Goldman Mill values family and wants every child born or adopted into our collective to receive the very best start. With that in mind, the State prioritizes the health, well-being, and bonding process of new parents and their children, and wishes to protect new parents who also are employees.
If you are pregnant, you can take four weeks off before the child is born as pregnancy leave; you do not lose vacation time. If you are adopting a child, you can also take off time before the child comes to live with you and you may even be entitled to additional time if you are adopting from overseas.
With regard to taking time off after the child arrives, mothers who have just given birth (or the primary caretaking parent) are entitled to take 12 weeks of new-parent leave. During these first 12 weeks, the co-parent can take four consecutive weeks off as well. Afterwards, both parents are entitled to split 28 weeks of parental leave if they wish, if necessary, that leave can be further extended by another eight weeks.
According to the law, parents can receive a total of 52 weeks of paid leave per child from the government. The amount that the parents can receive is up to 75% of the amount of a full salary. However, many companies are likely to have an employee agreement in place in which they pay your full salary for a period of time. Many private companies in The Mill have this kind of arrangement. In this situation, the amount paid by the government is distributed to the company, which in turn pays the parent’s full salary. At the point in which the employee’s right to full salary during parental leave from the company stops, the government benefits (75% pay for the first six months and half-pay for months six through 12 as a supplement to employer benefits; the total will not exceed the worker’s full-pay amount) are then paid directly to the employee. The new child’s BMI income starts at birth.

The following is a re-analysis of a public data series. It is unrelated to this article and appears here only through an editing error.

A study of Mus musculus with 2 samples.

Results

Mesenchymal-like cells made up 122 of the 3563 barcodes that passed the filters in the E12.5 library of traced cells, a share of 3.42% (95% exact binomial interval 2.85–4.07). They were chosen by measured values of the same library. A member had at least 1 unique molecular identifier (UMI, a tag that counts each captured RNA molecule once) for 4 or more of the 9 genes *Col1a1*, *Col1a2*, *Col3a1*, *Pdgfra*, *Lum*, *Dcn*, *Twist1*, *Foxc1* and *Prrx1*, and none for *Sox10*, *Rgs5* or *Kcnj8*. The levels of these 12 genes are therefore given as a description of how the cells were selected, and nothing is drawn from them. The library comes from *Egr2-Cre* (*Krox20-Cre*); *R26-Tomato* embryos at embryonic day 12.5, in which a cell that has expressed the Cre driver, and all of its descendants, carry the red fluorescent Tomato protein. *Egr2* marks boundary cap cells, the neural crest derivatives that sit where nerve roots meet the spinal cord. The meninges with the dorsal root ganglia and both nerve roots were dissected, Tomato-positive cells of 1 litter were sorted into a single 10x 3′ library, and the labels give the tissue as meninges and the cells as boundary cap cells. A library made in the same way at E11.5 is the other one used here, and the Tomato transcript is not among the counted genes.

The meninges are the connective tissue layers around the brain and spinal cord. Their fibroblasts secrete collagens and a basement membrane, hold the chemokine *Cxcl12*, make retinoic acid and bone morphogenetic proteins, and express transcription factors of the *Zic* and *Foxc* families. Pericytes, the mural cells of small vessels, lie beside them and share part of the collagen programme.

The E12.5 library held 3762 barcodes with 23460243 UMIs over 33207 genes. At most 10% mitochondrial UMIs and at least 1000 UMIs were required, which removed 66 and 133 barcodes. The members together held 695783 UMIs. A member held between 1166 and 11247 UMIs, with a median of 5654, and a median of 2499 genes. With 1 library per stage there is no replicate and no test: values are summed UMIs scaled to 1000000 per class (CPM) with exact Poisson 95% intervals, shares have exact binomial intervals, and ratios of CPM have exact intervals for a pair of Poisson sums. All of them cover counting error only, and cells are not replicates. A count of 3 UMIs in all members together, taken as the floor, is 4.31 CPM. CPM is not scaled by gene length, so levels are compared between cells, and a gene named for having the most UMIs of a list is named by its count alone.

This right to full salary is determined completely by employer/employee agreements, much like some of the other Miller employee benefits (for example, the right to additional vacation), so it may differ from workplace to workplace.
At the end of leave, the worker will return to a job that is at least equivalent to the one previously held. However, it is important to also note that an employer can legally terminate the worker, as long as they can prove that the basis of your termination has absolutely nothing to do with pregnancy or leave, for example in the case of a major restructuring or economic downturn. The burden of proof in this situation is on the employer. In these rare instances, unemployment benefits protect the employee until they can find new work, up to a year.
Leave for a family member’s illness follows the same process.